My spouse and I have been together for 12 years, married for seven. We have a toddler and another child coming.
I share thoughts and feelings, am reflective, willing to apologize, and seek her input regarding future planning, parenting, finances, etc.
She protects her personal affairs. She doesn’t ever believe her behaviour warrants an apology.
When we discuss important matters like finances, the way we interact with each other, etc., she shuts down or walks away.
I get frustrated with how we communicate and become confrontational – making my point before she leaves.
She hates to be interrupted, yet interrupts me and others constantly.
I’m open with her about my debt load, savings, etc. I create budget spreadsheets to share with her so that we can co-create budgets, agree and plan for our future.
She rarely looks at them, and keeps her finances to herself.
As a parent, I read books, blogs, and research parenting advice. I’m home with our son and look for ways to encourage him, deal with tantrums, feeding issues, manners, etc.
I share my approach and any new routines I’ve established so we can be consistent. Too often, she disagrees with my approach and does her own thing.
Recently, she said that each of us should stick to our own separate parenting ways.
I feel very disrespected by her and am finally standing up for myself. I recently admitted considering leaving the marriage, because of these issues.
I know this letter is one-sided. We were raised with different values and expectations. But I do expect that, as a married couple with a family, she’d try to see things from my perspective and work with me to parent our child(ren) and plan our future.
She won’t consider counselling.
I’m building walls around me to protect myself from constant frustration and disappointment, and am caring less and less about her opinion and contributions.
Frustrated and Disrespected.
What worked during the years before parenthood isn’t working now. Your differences may’ve been interesting during the dating years, but they’ve become a barrier between you.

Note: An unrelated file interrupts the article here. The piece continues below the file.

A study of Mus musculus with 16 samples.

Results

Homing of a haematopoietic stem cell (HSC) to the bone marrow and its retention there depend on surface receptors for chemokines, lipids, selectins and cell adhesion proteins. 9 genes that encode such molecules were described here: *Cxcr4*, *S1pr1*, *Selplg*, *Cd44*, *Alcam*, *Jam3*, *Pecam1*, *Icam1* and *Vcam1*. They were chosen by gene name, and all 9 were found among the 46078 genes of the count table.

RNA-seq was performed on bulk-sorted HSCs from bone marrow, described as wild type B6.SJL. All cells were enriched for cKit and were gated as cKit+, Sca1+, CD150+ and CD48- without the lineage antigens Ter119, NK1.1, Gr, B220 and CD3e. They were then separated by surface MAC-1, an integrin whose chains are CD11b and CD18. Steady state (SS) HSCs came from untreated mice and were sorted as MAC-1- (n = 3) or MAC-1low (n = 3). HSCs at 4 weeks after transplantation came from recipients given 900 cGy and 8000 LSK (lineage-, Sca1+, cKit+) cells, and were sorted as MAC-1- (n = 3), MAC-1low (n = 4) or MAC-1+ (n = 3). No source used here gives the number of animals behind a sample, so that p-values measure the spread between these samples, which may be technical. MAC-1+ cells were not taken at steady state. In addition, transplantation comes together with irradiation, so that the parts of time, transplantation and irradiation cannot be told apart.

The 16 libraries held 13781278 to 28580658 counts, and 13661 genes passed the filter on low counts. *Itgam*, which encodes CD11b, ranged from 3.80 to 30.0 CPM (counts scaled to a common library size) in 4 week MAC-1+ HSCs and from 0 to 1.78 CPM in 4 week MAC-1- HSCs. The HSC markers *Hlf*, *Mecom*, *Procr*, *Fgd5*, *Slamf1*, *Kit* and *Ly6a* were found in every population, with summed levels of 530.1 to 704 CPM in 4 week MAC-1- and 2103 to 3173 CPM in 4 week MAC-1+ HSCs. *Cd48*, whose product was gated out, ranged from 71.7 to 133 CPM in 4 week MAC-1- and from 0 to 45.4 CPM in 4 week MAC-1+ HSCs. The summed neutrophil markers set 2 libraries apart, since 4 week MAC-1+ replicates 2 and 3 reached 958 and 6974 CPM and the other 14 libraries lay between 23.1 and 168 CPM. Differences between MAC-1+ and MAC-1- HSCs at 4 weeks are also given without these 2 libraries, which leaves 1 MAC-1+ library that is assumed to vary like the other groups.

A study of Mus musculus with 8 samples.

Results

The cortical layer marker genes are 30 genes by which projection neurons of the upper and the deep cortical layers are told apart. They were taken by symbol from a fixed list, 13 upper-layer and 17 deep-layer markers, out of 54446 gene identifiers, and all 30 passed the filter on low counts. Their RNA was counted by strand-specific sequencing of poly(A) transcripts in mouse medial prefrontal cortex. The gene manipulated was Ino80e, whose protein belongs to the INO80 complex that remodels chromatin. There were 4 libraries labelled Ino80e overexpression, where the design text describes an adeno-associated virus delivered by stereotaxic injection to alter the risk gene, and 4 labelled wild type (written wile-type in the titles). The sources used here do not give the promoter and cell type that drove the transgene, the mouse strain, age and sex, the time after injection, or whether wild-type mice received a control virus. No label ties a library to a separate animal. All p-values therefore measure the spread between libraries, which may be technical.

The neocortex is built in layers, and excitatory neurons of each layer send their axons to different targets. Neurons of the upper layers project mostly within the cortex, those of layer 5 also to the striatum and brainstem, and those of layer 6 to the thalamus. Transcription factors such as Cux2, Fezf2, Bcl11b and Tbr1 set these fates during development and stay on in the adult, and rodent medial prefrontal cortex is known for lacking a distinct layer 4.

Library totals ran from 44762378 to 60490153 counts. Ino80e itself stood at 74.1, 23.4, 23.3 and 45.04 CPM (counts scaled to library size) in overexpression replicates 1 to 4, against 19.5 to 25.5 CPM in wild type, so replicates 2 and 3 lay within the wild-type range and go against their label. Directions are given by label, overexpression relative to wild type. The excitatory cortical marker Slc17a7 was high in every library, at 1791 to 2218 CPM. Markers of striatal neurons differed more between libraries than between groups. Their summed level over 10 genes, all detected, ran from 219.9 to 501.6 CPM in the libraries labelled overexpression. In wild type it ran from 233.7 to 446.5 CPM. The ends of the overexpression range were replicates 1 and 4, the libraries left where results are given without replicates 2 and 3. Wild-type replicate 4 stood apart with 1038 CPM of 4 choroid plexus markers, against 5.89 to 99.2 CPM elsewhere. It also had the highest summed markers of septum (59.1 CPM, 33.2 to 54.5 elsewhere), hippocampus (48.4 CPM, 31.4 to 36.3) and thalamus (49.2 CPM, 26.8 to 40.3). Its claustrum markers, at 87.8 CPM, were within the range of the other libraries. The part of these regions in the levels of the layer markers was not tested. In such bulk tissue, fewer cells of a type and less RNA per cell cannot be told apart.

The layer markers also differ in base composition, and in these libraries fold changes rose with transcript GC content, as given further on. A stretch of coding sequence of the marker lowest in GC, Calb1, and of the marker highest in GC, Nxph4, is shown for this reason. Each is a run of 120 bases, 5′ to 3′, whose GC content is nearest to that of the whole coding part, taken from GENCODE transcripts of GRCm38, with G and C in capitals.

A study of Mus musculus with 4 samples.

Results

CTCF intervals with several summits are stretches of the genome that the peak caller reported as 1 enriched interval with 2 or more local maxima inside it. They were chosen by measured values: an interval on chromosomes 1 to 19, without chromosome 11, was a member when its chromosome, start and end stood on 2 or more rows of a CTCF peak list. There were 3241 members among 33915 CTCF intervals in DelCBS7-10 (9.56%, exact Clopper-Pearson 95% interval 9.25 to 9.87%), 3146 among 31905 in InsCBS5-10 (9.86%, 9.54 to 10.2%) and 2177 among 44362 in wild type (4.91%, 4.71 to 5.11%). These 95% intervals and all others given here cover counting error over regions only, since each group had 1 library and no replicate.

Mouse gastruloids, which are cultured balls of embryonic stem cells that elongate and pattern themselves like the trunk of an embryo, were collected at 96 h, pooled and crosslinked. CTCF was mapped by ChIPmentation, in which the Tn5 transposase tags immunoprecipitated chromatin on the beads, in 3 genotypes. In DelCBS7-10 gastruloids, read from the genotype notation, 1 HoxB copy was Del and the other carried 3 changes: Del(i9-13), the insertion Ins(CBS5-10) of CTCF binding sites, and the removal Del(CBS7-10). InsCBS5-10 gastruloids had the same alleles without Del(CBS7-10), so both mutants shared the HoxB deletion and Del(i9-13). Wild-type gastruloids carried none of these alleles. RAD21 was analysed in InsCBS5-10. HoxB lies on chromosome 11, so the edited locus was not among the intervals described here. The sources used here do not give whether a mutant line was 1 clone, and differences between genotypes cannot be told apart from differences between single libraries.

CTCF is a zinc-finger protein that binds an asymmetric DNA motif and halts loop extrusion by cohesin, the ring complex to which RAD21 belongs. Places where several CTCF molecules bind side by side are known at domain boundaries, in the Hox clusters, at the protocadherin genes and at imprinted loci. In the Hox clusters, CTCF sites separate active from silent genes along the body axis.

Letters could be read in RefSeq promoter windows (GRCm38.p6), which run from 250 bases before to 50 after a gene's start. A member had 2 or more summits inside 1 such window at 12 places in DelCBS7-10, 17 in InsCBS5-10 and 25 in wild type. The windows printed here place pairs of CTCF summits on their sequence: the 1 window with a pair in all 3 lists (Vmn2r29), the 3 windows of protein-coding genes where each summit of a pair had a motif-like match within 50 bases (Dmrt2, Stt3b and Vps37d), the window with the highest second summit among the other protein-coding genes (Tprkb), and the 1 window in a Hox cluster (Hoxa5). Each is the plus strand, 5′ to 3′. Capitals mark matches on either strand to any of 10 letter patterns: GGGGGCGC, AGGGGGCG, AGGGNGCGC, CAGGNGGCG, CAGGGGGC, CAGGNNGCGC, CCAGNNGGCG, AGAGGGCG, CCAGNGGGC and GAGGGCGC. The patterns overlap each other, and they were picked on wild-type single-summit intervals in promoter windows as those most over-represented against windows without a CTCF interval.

Her side of the story undoubtedly also involves annoyances and frustrations.
Get to counselling yourself. With another child coming, the situation will either worsen, or you’ll both recognize that change MUST happen.
When she sees your willingness to learn how to deal with this growing gap, she may join you or go on her own, too.
Or not. Then you’ll both have a big decision to make.
My mother’s always called me stupid, brat, spoiled, mean, psychotic, etc., criticized my body, and blames me for all and arguments within our family, saying she doesn't want me in the house/family.
She’d randomly not talk to me for days. I always thought it was my fault.
Only when I spent some time away and talked to my older brother who endured similar treatment, I realized it's not my fault.
I get along great with all other relatives, and have many close friends. I’ve raised these issues but she either brushes me off or accuses me of starting a fight.
What can I do to fix this as I’m left feeling depressed and anxious by her actions? I’m currently dependant on her for money (half-way through my undergrad studies).
Canvas other family members for support for a student loan to live elsewhere. Also seek a part-time job.
Your dependence gives her the “power” she enjoys wielding. It’s emotionally destructive and interferes with your studies, which are your passport to full independence.
My co-worker has extremely annoying personal habits. She slurps her tea (loudly) and she drinks tea all day. She snorts rather than blows her nose, coughs without covering her mouth.
Since I sit beside her, it gets really annoying. I’ve talked to my boss about it, and we did get new desks with a divider in-between, so at least I'm not exposed to her germs when she coughs. But I can still hear her other habits.
Annoyed at Work
Wear ear plugs, and be private about it. Or move seats. Everyone has habits and a workplace could/should be cited for harassment if employees were ordered how to drink their tea, or blow their noses.
You could’ve befriended her and when there was a rapport, gently mentioned, even laughingly, that you can hear her tea drinking. That might’ve inspired her to sip quietly.
But that effort on your part would require co-worker kindness.
Tip of the day:
When growing differences erode a relationship, seek counselling, especially where children are involved.